For Health Professionals > Employee Wholeness > Employee Spiritual Care & Wholeness - History of Bereavement Care

Bereavement programs - history and structure

In 1988, a group of nurses at LLUMC felt the need for bereavement follow-up for families who experienced a perinatal or neonatal death. A committee was established and, using the national Resolve Through Sharing (RTS) program, bereavement care was begun. The program currently has 40 trained grief support personnel from a variety of disciplines who are active in providing support to families--both at the time of death, and in the months to follow. In a two-day training class, these individuals are taught how to communicate with families and are instructed in practical skills to use at the time of death.

Shortly after the RTS program began functioning, nurses in the pediatric areas expressed a need for a similar program. There was no known national program dealing with pediatric death, so the HOPES (Healing of Parents Experiencing Sorrow) program was developed here at LLUMC. This program was launched in 1991 and has 35 active grief support personnel.

The next areas assessed were medical/surgical and ICU units. Since the families of patients in these areas needed follow-up as well, the CARE (Comfort and Recovery Experiences) program was begun. Since these areas have the highest number of deaths in the hospital, this program has kept its 30 support personnel busy following families since 1992.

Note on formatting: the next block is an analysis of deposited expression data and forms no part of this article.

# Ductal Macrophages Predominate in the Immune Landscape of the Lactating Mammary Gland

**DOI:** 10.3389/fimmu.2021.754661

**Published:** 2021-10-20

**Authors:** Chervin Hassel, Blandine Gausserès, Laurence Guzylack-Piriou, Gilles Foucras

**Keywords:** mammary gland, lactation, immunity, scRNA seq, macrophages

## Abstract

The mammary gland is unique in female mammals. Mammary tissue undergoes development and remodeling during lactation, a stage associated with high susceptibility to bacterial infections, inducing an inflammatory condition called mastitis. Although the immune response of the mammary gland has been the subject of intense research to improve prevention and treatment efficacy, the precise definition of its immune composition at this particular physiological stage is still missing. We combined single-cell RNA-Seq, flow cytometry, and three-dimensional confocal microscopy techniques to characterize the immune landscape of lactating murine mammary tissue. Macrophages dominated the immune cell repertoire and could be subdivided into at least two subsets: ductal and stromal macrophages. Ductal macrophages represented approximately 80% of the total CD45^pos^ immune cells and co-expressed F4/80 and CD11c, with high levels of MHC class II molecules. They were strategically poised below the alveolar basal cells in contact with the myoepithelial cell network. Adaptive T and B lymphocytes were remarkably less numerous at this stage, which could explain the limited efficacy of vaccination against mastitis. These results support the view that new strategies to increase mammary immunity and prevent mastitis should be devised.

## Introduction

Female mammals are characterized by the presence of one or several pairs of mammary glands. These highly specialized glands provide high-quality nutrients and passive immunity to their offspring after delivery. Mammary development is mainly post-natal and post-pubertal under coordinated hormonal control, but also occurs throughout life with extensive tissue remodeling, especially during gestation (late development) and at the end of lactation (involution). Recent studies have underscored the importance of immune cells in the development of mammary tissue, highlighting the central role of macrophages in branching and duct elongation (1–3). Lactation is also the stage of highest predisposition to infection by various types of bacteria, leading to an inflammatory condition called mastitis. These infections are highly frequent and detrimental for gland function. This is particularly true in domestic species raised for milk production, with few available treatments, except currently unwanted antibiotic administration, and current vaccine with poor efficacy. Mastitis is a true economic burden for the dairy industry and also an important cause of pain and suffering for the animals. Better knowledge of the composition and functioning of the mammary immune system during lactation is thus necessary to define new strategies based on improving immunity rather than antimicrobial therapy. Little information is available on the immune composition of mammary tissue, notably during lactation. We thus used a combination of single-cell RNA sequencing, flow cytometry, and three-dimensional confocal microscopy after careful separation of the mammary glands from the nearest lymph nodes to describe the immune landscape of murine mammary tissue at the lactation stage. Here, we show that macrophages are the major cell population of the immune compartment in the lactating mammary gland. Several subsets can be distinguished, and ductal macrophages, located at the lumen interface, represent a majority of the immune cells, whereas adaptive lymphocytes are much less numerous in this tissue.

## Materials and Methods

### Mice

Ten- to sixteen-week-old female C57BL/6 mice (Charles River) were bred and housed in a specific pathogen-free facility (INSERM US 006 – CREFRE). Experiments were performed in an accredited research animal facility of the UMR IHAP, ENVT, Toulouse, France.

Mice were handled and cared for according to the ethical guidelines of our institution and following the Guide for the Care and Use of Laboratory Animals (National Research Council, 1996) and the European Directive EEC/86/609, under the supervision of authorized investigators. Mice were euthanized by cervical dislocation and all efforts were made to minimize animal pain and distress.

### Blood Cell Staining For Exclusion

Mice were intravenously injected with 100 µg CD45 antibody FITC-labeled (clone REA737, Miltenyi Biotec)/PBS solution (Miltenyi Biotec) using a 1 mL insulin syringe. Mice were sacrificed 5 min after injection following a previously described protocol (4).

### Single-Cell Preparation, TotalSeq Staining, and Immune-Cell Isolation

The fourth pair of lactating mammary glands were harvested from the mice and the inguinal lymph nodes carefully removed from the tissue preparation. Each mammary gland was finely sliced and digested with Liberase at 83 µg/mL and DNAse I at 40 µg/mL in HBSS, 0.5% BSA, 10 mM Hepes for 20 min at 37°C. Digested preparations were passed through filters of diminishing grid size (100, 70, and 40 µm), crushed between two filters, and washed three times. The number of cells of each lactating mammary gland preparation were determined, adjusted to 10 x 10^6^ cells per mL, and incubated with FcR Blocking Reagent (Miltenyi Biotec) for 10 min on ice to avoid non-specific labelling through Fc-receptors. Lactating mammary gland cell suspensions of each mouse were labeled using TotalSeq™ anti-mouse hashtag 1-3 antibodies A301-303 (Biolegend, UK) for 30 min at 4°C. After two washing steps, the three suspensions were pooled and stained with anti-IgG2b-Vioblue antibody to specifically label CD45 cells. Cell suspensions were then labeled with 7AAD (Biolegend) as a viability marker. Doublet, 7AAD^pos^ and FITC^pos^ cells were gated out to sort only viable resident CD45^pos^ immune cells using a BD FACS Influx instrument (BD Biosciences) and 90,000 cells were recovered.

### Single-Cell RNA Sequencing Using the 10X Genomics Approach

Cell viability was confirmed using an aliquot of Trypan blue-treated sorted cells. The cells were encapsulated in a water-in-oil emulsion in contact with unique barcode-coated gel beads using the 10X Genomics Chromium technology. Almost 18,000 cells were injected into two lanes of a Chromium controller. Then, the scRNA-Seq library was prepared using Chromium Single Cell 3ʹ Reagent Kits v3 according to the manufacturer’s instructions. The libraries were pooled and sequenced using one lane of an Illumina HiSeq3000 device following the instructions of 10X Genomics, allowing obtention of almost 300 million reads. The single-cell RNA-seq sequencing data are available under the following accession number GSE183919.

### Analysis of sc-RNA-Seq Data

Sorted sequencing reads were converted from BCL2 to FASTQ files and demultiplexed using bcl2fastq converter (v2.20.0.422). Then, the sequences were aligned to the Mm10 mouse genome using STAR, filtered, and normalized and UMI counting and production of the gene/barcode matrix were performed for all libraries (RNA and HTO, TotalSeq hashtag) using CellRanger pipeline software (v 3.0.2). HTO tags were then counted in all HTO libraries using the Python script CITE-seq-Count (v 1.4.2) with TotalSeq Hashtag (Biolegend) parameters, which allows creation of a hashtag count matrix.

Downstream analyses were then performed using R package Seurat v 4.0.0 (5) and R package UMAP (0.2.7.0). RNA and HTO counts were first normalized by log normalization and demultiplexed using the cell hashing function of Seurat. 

The final program is SEASONS (Sensitive Emergency Approach to Significant Others' Needs in Sorrow). This is particularly geared to sudden and traumatic death and is based in the emergency department. There are 12 trained individuals who have followed families since 1995.

The four programs work together closely and are guided by the grief coordinator committee. This group receives direction from the coordinator of nursing spiritual care and development. The grief coordinator committee is made up of the nine program coordinators from RTS, HOPES, CARE, and SEASONS and nursing educators from Staff Development. The coordinators are paid for one shift each month to complete their duties. Their responsibilities include assigning families to grief support personnel, stocking supplies, preparing educational materials for their personnel, monitoring follow-up, and attending the grief coordinator committee meeting.

The grief support personnel are all volunteers. They are paid for the two days of training that they receive, but they get no compensation for the extra work that they do. Each person is asked to follow six families per year. This involves sending a card to the family immediately following the death. A letter follows a few weeks later, and then a telephone call is made to check on the family. This phone call is not intended to be grief therapy, but simply to assess the family and see if any referrals need to be made.

LLUMC is a leader among hospitals in the nation in the area of comprehensive bereavement care. We are frequently called as a resource for other hospitals interested in bereavement care, and we are proud of our record of service to the community.